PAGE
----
A feminist budget. A budget for women. Ladies’ day at Parliament? At least it wasn’t available in an array of fashion colours. In today’s marketing parlance, “for women” all too often means a generic product in a jazzy hue marked up to a higher price.

We called Peky Tsang, tax analyst at TurboTax Canada, for her take on the new federal budget “for women”. According to Peky, three major policy changes do target challenges facing Canadian women.

Taking care of babies

“This is the big one everyone is talking about,” says Peky. Families may now extend parental leave, from 55% of income over 12 months, to 33% of income over 18 months. 

The cost of infant care under 18 months is higher than toddler care, so an extra six months provides more flexibility to stay at home or split a long leave with a partner. Meanwhile, $7 billion is earmarked for childcare to the provinces, potentially creating 40,000 new subsidized daycare spaces.

“The main thing women need to be aware of is that an 18-month leave could spread across three tax years,” says Peky. “New moms are shocked by their tax bills when deductions during the leave are insufficient. Splitting leave gets even more complicated. We recommend modeling out parental leave scenarios with free online tax software such as TurboTax to sort out the best plan for the family.”

Taking care of parents

A new caregiving benefit provides up to 15 weeks off work to care for a sick or injured family member. A variety of tax credits have been streamlined into one: “Canada Caregiver Credit”. “The only concern is that many women caring for family members are working part-time and may not meet the threshold to access the new EI benefits,” says Peky.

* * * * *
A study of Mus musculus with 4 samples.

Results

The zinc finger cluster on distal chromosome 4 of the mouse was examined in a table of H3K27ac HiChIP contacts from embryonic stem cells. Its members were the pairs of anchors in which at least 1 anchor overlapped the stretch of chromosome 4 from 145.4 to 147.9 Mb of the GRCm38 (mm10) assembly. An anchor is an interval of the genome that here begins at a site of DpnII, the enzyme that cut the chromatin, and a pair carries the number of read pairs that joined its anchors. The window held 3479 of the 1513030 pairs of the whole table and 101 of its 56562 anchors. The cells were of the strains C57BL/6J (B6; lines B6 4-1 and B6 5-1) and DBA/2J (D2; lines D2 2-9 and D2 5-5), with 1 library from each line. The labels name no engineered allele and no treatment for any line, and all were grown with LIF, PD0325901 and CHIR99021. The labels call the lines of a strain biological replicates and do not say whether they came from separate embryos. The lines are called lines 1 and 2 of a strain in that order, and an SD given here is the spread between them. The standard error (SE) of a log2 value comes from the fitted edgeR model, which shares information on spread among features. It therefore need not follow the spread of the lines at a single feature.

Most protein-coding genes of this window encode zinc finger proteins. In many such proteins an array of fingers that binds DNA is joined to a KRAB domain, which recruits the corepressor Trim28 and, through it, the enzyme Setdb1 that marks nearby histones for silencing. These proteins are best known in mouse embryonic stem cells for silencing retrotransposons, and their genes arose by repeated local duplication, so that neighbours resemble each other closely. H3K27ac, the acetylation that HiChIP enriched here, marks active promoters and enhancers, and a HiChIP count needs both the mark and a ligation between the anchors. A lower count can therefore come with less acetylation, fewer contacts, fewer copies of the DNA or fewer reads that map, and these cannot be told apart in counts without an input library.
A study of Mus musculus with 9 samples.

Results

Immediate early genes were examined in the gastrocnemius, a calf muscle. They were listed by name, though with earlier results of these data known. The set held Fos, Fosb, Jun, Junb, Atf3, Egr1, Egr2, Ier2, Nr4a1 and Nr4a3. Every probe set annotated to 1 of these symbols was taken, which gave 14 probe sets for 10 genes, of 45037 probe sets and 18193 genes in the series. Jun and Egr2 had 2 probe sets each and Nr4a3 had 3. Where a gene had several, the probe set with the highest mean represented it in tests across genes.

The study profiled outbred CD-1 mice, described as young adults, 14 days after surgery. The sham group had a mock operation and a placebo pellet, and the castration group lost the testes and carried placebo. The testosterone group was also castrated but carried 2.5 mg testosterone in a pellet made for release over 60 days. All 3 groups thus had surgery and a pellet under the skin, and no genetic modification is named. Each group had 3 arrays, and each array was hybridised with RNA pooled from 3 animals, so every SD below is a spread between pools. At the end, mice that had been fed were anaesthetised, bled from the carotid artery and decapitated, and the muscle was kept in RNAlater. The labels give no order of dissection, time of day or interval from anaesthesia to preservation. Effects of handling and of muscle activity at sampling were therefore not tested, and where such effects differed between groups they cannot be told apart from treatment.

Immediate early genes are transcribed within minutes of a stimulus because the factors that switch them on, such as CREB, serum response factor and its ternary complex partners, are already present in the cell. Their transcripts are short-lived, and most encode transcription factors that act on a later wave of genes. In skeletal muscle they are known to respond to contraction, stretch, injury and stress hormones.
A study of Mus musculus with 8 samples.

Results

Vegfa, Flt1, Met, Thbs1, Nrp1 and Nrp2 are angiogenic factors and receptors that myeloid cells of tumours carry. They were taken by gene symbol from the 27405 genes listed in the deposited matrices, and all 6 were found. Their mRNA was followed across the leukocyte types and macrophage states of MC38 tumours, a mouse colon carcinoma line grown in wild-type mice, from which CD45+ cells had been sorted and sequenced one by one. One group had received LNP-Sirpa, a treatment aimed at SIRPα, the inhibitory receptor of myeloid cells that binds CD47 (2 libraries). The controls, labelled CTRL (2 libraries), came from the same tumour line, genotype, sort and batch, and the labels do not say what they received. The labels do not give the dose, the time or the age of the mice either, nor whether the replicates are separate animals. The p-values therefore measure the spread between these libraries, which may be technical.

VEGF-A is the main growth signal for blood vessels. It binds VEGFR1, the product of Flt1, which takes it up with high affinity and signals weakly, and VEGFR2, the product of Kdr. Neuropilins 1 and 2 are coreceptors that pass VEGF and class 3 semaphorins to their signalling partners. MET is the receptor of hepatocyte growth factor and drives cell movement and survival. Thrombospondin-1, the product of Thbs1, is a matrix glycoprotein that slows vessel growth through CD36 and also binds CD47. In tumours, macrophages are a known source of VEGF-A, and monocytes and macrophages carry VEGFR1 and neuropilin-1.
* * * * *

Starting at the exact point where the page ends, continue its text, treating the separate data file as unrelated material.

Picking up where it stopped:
Having more babies

Up until now, women had to be “medically infertile” to receive tax credit for fertility treatment expenses. To be more inclusive of single women and same-sex couples, anyone may now submit receipts for fertility treatments, retroactive for the past 10 years.

The budget also expands financial aid for part-time students. “Two-thirds of part-time students are women and four out of five grants to students with kids are women,” says Peky. There are also commitments to address the wage gap, violence against women, leadership training and entrepreneurial support for women. Peky admits she would like to see more details and spending commitments against each of these initiatives, but for now, acknowledges that it’s a step in the right direction.

The bottom line

“Overall I do think this is a feminist budget,” says Peky. “This is the first budget in our history with a gender statement and the fact we are talking about gender-based analysis in determining government policy is huge progress.”